Upon entering the mall at
Per Se offered a choice of tasting menus, for omnivores and herbivores alike. It remains an enduring mystery however why any living organism fortuitous enough to be at the top of the food chain would decline to exercise plenary powers, especially when Thomas Keller is involved, and eat only vegetation and legumes.
While the menu was long, only three of the items were memorable, the first of which soured me early on the entire enterprise. The fatal dish in question was basically a cauliflower pudding on top of which sat a heaping amount of sturgeon caviar that bore absolutely no relationship to the pudding and which likely appears on many menus in
The foie gras torchon was delicious if not as transcendent as the version I remember from our July 2005 lunch at the French Laundry that ranks as perhaps the best meal I’ve ever eaten – with a few notable rivals, not all of which were full meals: Guy Savoy, Nick's Old Original Roast Beef, Enoteca Pinchiorri 13 years ago, Paris Robuchon, the corned beef omelette at Slyman’s and the pizza at Forno Campo de' Fiori. The best dish of the afternoon—and the only one in which the kitchen took any risk—was the sautéed calf’s brain with some light brown mustard on the side. This dish was a knockout, for its tenderness and texture, flavor and muted spiciness, and above all for its successful sublation of haute technique and homier, traditional cooking into a culinary masterpiece. The kitchen clearly relished the opportunity to cook the dish, which was an added option for diners. It alone, literally alone, warranted the high price of admission.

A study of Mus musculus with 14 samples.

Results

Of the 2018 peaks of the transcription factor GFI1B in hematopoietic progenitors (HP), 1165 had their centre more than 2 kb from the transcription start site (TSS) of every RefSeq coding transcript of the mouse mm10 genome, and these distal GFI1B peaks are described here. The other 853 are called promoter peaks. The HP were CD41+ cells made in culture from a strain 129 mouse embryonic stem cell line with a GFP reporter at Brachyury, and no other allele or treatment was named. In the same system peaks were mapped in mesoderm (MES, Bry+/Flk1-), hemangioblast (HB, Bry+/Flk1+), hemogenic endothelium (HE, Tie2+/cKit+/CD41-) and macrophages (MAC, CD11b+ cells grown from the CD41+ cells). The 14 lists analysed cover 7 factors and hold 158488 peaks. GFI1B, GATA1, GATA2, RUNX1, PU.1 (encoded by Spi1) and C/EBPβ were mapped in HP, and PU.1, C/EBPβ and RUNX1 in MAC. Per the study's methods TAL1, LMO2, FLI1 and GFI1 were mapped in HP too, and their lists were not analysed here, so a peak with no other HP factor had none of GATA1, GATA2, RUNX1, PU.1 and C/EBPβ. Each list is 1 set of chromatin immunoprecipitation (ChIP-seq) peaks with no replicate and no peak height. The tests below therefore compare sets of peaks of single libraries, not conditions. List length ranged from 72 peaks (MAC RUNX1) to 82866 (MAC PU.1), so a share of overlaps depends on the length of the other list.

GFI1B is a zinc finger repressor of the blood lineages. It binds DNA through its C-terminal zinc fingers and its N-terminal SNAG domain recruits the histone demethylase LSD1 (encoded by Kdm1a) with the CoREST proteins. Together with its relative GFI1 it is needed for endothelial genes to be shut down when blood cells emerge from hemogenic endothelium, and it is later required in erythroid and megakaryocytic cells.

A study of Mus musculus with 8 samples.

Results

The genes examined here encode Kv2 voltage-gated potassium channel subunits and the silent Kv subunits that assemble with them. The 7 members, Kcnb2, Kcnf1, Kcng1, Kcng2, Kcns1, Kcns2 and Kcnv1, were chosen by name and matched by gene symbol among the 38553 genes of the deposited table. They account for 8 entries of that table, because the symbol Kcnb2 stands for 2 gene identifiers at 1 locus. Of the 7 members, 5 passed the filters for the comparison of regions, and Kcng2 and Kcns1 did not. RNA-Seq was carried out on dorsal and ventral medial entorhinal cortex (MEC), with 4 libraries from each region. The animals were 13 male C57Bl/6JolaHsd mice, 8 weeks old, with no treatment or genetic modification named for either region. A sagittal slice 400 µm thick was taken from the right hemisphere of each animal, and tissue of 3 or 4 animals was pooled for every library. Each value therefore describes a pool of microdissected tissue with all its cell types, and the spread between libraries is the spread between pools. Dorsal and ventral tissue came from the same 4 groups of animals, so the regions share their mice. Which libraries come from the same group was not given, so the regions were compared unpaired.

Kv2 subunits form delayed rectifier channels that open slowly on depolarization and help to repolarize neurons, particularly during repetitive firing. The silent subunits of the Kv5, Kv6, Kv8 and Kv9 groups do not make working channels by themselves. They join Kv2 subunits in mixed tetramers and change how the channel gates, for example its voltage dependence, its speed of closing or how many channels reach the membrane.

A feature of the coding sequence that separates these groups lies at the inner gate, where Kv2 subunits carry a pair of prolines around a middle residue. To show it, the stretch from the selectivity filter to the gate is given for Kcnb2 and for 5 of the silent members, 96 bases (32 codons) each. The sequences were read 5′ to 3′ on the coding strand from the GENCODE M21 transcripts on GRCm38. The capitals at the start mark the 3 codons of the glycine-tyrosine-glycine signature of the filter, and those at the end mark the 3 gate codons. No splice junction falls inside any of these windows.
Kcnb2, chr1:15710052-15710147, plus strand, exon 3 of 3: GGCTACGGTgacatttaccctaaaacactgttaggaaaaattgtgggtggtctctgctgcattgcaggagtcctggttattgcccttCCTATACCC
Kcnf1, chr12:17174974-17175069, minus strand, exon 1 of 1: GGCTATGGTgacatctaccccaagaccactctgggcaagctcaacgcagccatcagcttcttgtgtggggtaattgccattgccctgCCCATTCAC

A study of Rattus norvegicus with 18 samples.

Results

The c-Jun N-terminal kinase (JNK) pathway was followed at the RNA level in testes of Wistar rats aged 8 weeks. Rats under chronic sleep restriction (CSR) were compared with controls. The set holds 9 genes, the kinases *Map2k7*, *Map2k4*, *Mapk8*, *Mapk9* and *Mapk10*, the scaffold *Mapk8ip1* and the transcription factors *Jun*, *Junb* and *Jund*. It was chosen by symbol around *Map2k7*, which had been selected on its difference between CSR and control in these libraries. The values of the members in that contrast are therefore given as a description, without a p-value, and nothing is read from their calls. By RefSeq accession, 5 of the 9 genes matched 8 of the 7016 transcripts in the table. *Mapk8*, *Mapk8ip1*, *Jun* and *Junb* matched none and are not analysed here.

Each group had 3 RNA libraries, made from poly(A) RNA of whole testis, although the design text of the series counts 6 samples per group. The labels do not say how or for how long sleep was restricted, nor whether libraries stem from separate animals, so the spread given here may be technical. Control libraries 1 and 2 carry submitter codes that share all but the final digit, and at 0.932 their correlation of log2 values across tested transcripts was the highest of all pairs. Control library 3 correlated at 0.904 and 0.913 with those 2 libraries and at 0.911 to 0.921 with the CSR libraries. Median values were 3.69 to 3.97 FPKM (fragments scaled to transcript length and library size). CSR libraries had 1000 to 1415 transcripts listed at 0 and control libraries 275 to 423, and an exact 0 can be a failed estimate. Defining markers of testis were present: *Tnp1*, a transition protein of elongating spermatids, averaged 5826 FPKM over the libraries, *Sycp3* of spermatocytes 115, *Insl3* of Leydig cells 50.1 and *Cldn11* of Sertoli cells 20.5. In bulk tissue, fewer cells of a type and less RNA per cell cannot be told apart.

The majority of dishes were very good, but literally not memorable as I cannot recite the list, a sea bream and a lamb perhaps. The desserts were also tasty if instantly forgettable. Aside from the cervelle, the menu was safe and predictable. The kitchen’s execution was more akin to a
The wine list was a joke. For a restaurant with a distinguished Napa pedigree, one would presume that some interesting producers would be represented. Instead the safe names of Silver Oak and other prominent négociants predominated. Half bottles of smaller producers like Kamen and Patricia Green were offered, as if Per Se were perfunctorily acknowledging the new and idiosyncratic.
And later that night, among the distinguished company of the very funny blogger Heinous of Brooklyn and his even funnier better half, Mrs. Heinous, it was a relief and a joy to be at Michael Symon’s Parea, which offered delectable mezedes, good wine (and mephitic, non-potable Macedonian digestifs) and, above all, great bonhomie.